3D printers bring 250-year-old dragon sculptures back to life | Tech Industry
3D printing is finding new uses, like replacing the lost 250-year-old dragon sculptures at a historic royal palace in the United Kingdom.
3D Systems, a maker of 3D printers, said it has installed 72 large-scale 3D-printed dragons at The Great Pagoda at Kew as part of the final restoration of the palace that was originally built in 1761 during the reign of King George III.
The place is now a UNESCO World Heritage site. Back in the 1780s, the painted wooden dragons that adorned the octagonal corners of the pagoda were removed to accommodate roof repairs. But they were never replaced, and rumors floated that the dragons served as payment for royal gambling debts. But experts now believe the wood rotted over time.
As Historic Royal Palaces (HRP) began the restoration, it searched for a way that it could authentically replicate the dragons and do so in a way that withstood the inclement English weather.
“We turned to 3D Systems to provide the rapid throughput, accurate details, and excellent finishing that was needed for this project,” said Craig Hatto, project director, Historic Royal Palaces, in a statement. “The engineering skill of 3D Systems’ team, the opportunity to light-weight the dragon statues, and the material longevity of SLS 3D printing were key considerations for this project.”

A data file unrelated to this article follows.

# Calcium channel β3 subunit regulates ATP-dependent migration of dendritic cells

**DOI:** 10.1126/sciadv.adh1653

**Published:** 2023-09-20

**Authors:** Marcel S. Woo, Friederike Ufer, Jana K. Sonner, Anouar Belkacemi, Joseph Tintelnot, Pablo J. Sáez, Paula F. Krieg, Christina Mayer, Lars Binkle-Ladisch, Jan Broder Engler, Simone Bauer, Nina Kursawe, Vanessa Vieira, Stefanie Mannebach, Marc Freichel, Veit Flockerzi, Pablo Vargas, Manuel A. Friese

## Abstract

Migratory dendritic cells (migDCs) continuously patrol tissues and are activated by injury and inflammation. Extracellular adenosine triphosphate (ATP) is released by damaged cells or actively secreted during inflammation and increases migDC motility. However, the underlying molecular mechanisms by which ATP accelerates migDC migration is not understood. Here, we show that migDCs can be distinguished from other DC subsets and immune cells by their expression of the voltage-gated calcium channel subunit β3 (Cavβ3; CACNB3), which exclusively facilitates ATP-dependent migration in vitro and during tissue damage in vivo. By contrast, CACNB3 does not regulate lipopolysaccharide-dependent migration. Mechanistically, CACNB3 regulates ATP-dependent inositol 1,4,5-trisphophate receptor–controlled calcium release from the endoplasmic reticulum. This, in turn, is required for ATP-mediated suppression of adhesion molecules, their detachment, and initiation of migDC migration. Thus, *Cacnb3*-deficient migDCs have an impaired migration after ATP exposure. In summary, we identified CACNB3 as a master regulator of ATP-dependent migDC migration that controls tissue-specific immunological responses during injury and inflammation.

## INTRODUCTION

3D System’ made the lightweight, durable dragons using a scan-to-CAD (computer-aided design) workflow featuring Geomagic software, Selective Laser Sintering (SLS), 3D printing, and high quality finishing. They were made with a durable polyamide 12 nylon material capable of producing a look and feel comparable to the original dragons.
Bringing the dragons back to life required a unique combination of research and reverse engineering by the company’s On Demand Manufacturing team to enable rapid digital production of the parts.
The project involved scanning a wood-carved dragon with the Faro Design ScanArm into 3D Systems’ Geomagic Design X reverse engineering software. The CAD-designed dragons are hollow and 60 percent lighter than wood alternatives.
“In 3D printing, we are not limited by the need or time required to wait for tooling,” said Nick Lewis, general manager, on demand manufacturing, 3D Systems. “The existence of digital 3D data gives us freedom to produce parts rapidly, and with custom sizes.”
The 3D printed dragons were finished by 3D Systems’ skilled artisans, who hand-painted each piece.
The Great Pagoda at Kew opens to the public on July 13, 2018.